It’s well known that one way of getting students to come out is free food. I mean, Katy Perry works too, but she’s not always available. If you’ve got an “important dialogue” on an “issue facing young people” and you want students to show up instead of trying to get laid somewhere, you have to bribe them with food.
Except, students aren’t stupid. They know it’s a trap. Students aren’t like Midwestern field mice who think, “Look at this chunk of cheese, it must be my lucky day!” They’re like Manhattan city vermin who show up to a $50 mousetrap with a screwdriver and an EMP.
If there’s any way of pulling it off, students will show up to the event, grab the food, and duck out long before the featured speaker starts droning on about things that people wouldn’t listen to in a podcast while they exercised.
Well, one law school has had enough of students showing up to take the food and not staying to take their medicine. A school-wide email demands proper event etiquette….
The law school is Case Western Reserve University School of Law, and the administrators don’t want people to take the food unless they are willing to do the time. This is from a school-wide email sent by the dean for student services:
Dear JD and LLM students:
As you return from what we hope was a relaxing and productive fall break, I wanted to remind all students that it is inappropriate to take food from student organization, academic center, administrative office-sponsored, and other law school events if you do not attend the event (and five minutes spent taking food does not count as attendance). When law school students, staff, and faculty purchase and provide food for their lunch and evening programs, they intend to provide food only to the students and others who are actually attending their event. We have limited funding and purchase food based on projected event attendance.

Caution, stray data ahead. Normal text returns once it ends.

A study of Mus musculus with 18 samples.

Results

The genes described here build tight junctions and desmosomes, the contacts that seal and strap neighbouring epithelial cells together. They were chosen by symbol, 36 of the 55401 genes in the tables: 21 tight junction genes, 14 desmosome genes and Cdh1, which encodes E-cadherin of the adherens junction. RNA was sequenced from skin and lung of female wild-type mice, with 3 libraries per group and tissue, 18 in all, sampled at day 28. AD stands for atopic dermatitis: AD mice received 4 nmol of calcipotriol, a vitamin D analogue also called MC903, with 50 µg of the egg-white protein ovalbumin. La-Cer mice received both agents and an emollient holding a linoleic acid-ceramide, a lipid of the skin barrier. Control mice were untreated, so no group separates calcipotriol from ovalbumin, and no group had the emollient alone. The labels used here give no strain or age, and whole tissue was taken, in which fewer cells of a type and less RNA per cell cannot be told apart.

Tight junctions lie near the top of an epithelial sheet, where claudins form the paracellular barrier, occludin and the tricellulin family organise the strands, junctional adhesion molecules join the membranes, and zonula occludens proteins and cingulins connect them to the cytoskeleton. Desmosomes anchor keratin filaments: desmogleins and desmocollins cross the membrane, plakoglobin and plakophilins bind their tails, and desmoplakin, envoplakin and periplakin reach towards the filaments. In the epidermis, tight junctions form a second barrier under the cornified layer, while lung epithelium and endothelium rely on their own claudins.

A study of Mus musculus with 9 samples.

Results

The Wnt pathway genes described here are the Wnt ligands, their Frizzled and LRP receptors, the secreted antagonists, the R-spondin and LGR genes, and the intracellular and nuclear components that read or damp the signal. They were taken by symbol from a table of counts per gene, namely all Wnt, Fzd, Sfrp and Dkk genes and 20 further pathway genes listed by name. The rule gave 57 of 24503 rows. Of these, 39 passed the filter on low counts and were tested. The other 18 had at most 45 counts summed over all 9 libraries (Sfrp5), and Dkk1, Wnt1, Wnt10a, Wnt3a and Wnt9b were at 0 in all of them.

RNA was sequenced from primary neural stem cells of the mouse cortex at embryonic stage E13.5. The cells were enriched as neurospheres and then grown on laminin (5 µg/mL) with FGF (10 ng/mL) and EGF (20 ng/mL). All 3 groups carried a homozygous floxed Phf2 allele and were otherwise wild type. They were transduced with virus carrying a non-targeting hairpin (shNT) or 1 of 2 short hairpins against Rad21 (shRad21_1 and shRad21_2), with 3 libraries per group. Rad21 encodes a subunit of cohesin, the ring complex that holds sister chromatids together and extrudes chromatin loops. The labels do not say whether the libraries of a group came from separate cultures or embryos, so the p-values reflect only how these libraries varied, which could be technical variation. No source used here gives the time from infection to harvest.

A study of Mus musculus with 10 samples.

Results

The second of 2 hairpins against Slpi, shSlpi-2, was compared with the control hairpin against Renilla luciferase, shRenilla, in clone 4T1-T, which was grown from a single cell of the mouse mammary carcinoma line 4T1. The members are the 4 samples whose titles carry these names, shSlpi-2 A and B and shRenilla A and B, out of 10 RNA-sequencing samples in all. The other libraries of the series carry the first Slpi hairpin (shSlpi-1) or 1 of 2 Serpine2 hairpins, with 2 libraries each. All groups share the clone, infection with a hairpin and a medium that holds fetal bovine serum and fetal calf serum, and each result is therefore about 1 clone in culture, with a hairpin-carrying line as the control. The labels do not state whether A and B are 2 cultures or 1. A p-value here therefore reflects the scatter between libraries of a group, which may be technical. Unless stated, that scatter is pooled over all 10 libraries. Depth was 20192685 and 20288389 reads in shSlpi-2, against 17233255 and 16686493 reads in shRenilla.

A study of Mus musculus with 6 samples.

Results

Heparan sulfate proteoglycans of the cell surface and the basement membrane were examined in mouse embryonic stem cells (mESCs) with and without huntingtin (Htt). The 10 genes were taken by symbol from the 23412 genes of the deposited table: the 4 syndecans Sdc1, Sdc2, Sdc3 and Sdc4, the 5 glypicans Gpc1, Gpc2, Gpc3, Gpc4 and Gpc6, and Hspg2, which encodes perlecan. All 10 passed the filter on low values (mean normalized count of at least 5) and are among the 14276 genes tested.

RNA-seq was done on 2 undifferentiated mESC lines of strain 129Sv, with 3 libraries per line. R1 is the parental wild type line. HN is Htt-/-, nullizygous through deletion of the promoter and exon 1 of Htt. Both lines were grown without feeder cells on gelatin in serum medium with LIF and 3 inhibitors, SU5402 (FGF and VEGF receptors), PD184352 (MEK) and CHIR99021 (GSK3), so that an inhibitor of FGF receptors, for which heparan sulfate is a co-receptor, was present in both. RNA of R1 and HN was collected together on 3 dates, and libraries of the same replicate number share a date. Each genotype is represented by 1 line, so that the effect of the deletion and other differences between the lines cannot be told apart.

Yeah, good luck with that, Case Western.
Look, it’s obviously bad form to take food that is not intended for you. But is it reasonable to expect law students to ignore unattended carts of food?
But that’s not the only food restriction Case Western is trying to put on its students:
Also, if you take food from an event you are attending, please take reasonable amounts so that everyone else in attendance can be served. Just as we purchase food based on projected attendance, we assume that students will be mindful of others and not take food as if it is their only meal of the day.
We know that the vast majority of you do not need this reminder, and we thank all of you for your cooperation.
Umm… what if it’s their only meal of the day? Law school is expensive; if you can get a free meal, that’s just being cost effective.
Here’s my suggestion: don’t buy food, buy beer. It’s cheaper. Your turnout will be better. You’ll always be able to find somebody to drink it, so you don’t have to worry about spoilage. And your events will be way more fun.
Problem solved, Case Western. Now somebody invite me out to speak at one of your awesome new “Benches of Beer” events next spring, and we’ll have a grand time.